How COVID-19 Has Affected Students’ College Decisions

Hope Beelman, IV Leader Staff Writer

As Summer quickly transitions to Fall, colleges and universities around the United States are questioning how to reopen safely due to the continuous spread of the coronavirus disease.

The coronavirus, also known as COVID-19, has taken the country by storm as there are 5,643,812 cases along with 175,651 deaths in the U.S. as of Aug. 23, 2020 according to the CDC website. The CDC website also indicates that the first known case of COVID-19 occurred in February of 2020 with all 50 states reporting cases by mid-March.

With colleges and universities reopening this fall, many considered whether to continue with in-person classes, switch to online completely, or introduce a combination of both in-person and online.

According to The Chronicle of Higher Education and College Crisis Initiative at Davidson College, four-year public colleges/universities are primarily online for the fall semester while four-year private nonprofit colleges/universities are mainly in-person with guidelines and regulations to promote safety. This source looked into 3,000 higher-education institutions to examine their plans of reopening campuses. Also, most two-year public and private nonprofit colleges are either primarily online or their plans were to be determined as of July 29, 2020.

Due to the many uncertainties COVID-19 has brought, first-year college students had to make swift decisions regarding their college/university plans for this fall.While many decided to continue their education at an in or out-of-state four-year school, others chose to stay home and attend local community colleges because of the unpredictability of COVID-19.

First-year Illinois Valley Community College student Keeton Kowalski planned to attend the University of Wisconsin-Madison this fall to double major in Engineering Mechanics and Astrophysics, but he ultimately decided to stay home and attend IVCC with a major in Aerospace Engineering.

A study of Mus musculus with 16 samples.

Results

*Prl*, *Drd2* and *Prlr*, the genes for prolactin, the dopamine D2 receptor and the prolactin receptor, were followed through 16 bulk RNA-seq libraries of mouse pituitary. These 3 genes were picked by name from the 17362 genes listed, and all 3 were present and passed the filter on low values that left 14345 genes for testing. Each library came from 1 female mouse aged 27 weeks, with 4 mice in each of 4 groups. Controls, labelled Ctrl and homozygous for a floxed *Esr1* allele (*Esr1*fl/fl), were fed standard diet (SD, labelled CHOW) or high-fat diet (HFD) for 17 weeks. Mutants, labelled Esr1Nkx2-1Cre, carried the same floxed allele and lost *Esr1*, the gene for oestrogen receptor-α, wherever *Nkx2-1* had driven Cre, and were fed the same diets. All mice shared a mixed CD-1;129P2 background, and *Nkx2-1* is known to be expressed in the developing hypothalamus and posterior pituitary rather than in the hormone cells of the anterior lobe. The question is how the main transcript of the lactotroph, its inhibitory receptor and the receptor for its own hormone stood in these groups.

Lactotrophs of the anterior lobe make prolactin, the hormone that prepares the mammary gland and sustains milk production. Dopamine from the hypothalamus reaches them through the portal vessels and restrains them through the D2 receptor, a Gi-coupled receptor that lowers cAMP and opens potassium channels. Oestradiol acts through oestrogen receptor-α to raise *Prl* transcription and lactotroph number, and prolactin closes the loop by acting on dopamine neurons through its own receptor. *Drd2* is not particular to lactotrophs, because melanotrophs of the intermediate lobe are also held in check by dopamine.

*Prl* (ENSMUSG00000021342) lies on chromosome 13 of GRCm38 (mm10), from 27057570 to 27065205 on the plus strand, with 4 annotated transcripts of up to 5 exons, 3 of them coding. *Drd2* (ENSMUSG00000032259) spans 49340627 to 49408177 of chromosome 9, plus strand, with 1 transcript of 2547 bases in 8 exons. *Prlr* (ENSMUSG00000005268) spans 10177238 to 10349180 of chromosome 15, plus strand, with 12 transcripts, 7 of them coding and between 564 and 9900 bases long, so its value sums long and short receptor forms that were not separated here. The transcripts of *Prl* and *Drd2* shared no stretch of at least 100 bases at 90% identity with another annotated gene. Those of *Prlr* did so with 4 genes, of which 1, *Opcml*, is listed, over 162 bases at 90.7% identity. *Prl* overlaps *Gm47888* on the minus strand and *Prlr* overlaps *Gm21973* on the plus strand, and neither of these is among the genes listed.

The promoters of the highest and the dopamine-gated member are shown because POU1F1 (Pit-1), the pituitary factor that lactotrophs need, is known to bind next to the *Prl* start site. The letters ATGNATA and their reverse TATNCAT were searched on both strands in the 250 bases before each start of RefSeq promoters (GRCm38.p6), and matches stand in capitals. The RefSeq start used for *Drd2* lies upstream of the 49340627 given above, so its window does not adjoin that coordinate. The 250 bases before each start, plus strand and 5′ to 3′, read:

Kowalski explained his decision saying, “I didn’t go to UW because of the uncertainty around how dorm life and city life is going to work this year. It’s also super expensive to go for only half the experience.” He also mentioned that he plans to transfer to UW next school year.

Haley Schmitz, another first-year Illinois Valley Community College student, had plans to study at Aurora University this fall semester, but ultimately came to the conclusion to attend IVCC.

When asked about her major and transition from AU to IVCC, Schmitz remarked, “When I was originally planning to attend AU, I was in General Health Studies and not exactly sure of my future occupation. I finally decided that Nutrition was what I really was passionate about and wanted to pursue. And since AU does not offer that major specifically, it made the transition to IVCC a little easier.”

Schmitz also added that due to her final decision of pursuing Nutrition and how the world and current college experience is so uncertain, she decided staying home was the best decision. She plans to now finish two years of school at IVCC, then transfer to Northern Illinois University to finish her next two years.

With the many uncertainties that lie ahead involving higher-education institutions, community colleges have now seen a rise in attendance for this school year such as Foothill College in California, Lake Tahoe Community College in California, Everett Community College in Washington and many more according to The Hechinger Report.